The Double Life of an Engineer in a Sorority

Everyone always asks me how I do it, how am I able to meet the time commitment of a sorority while having a fully consuming major like mechanical engineering? Honestly, I do not think I could have been successful in engineering without being in a sorority as well.

Confidence is the key to success, and one of the best ways to maintain confidence is by surrounding yourself with confident women. Having a community of girls at my back always empowered me. Even if I felt different from the other students in my major, being part of a community of passionate women working toward their goals gave me a community where I felt like I belonged. When I was feeling out of place in class, I remembered that I was one of many in a large group of women all in our own majors, but we were all working extremely hard to follow our passions and make our marks on this world.  

As a female engineer, when I walk into a classroom I do not look like anyone else in the room. The room is filled with the vast majority of students being male. I am also an extremely extroverted person, which is not typical of an engineer. It is easy to feel out of place when you walk into a room and everyone stares at you, because you do not look like you belong there. When you are struggling in your classes, it is even easier to doubt whether you belong. Most students struggle with engineering classes, but a lot of students do not talk about it, so for a while I genuinely believed I was alone in my struggles.

To be successful in engineering, you really need to study with other people. If you understand one section of the test material but are struggling to understand another section, there is typically someone who can teach you the knowledge you are lacking and you can do the same for them. Even if none of you understands how to solve a thermodynamics problem, there is a much better chance of you figuring out the problem by combining your brains than if you tried to solve the problem alone. Living in the dorms freshman year, I caught bronchitis, mono, pneumonia, pink eye, and every virus you can catch. This means I missed a lot of school and was left teaching myself weeks’ worth of missed material. It also meant that I was unable to find study groups or friends in my classes. This really hurt my grades and my confidence as a student, and I seriously doubted if I was capable of the technical work I had been dreaming of my whole life.

At times, I felt like I was living a double life, neither of which I belonged in fully. One version of myself spent every day in the library or class, standing out for looking different and for being extroverted. Meanwhile at sorority functions, I pulled up past dynamics homework problems on my phone to review while I chatted with girls and involuntarily blurted out all kinds of nerdy commentary. Over time, I came to accept the unique breed of girl that I am, and embrace both the nerdy and extroverted aspects of my identity. Being an engineer and a sister showed me that I can be anything I want, regardless of stereotypes.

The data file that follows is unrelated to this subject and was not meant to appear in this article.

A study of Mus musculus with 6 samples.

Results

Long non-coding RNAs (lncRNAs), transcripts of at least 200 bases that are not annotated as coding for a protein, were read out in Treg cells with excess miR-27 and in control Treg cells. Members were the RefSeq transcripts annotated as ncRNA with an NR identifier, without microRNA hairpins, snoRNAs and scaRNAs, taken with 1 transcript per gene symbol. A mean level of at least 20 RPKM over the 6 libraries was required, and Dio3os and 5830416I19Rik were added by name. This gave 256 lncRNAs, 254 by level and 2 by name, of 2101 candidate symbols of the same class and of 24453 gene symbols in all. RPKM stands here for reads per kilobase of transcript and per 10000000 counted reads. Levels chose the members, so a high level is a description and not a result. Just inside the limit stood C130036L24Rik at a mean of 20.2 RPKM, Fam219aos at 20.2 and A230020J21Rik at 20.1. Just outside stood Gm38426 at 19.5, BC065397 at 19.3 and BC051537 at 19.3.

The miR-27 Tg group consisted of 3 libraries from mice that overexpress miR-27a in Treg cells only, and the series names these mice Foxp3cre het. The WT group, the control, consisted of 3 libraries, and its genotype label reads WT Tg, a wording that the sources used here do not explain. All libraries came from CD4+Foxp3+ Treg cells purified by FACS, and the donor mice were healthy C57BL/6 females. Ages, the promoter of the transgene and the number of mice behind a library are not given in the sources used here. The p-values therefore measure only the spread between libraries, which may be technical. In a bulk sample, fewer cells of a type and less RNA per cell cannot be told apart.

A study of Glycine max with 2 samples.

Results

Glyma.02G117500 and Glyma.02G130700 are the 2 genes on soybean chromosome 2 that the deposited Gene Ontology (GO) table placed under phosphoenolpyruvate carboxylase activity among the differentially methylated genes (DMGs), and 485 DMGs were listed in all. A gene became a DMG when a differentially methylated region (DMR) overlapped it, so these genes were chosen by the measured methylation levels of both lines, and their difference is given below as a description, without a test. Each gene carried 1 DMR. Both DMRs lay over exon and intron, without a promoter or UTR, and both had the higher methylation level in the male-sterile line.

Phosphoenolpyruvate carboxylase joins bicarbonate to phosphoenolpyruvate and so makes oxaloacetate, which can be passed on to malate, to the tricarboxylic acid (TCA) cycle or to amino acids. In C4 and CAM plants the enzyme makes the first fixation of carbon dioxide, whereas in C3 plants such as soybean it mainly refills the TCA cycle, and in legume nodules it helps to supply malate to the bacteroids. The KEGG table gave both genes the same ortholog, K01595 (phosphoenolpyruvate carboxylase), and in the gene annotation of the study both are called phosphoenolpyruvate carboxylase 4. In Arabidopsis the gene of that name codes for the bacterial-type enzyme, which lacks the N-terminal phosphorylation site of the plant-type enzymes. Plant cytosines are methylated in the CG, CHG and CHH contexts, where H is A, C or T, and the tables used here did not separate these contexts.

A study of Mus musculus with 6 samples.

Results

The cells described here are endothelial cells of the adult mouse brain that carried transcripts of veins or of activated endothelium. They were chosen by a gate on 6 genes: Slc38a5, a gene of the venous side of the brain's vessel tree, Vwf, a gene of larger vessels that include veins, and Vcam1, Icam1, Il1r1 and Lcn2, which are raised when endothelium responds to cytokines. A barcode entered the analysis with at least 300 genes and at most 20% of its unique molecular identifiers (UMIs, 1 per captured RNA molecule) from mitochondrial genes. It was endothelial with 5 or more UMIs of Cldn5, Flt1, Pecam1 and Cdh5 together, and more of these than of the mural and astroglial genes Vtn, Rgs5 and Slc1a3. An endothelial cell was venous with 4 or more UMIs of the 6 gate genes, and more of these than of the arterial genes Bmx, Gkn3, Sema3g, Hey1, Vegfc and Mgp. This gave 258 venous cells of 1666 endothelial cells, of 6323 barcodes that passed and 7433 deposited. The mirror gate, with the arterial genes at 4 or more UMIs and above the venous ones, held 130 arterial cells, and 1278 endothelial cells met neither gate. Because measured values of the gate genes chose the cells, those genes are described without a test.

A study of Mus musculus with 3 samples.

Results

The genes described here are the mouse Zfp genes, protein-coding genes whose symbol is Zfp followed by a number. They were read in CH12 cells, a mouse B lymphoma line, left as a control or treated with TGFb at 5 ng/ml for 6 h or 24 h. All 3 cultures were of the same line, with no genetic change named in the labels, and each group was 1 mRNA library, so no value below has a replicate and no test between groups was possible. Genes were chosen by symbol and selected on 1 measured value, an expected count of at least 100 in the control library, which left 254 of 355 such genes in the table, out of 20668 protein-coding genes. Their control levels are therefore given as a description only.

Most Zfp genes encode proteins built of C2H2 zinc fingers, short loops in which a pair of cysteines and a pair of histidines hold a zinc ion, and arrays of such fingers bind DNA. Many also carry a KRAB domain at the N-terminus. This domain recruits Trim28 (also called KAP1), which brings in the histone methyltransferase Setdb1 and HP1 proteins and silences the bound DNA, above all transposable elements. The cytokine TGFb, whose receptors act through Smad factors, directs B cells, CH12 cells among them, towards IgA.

What got me through all the late nights in the library were the sisters who were up late studying in the library as well. I owe a lot of my success to the girls who brought me milkshakes while I was studying, or reminded me of my intelligence when I was frustrated. My sisters are some of the most passionate girls in the world, and taking a study break to chat about our goals reinvigorated me and reminded me of how much I love engineering, even when close to giving up.

I finally gained my confidence back as a mechanical engineer my junior year. The guys in my classes finally realized I was just like them, I just had to show them how big of a nerd I really am if you look deeper than my sorority stickers and long curly hair. I now have the respect of my classmates, as I became recognized in the library often and many of the guys seek out my color-coded study guides. I developed study groups for all my classes and realized how much I love everyone in my major. I soon accepted internships and other opportunities where I was able to test the level of technical work I was capable of, and I realized how much I could do with my brain and my coursework if I just believed in myself. Gaining best friends in engineering and best friends in my sisterhood completed me.

The unique aspect of being in a sorority at Virginia Tech is that your sorority typically does not fall under most stereotypes, and is just an empowering group of young women navigating college together. My sorority offers me a support system in college and a group of girls to turn to when I need someone to lean on. These girls lifted me up and inspired me through their own motivation and hard work, and played an important role in my success as a mechanical engineer.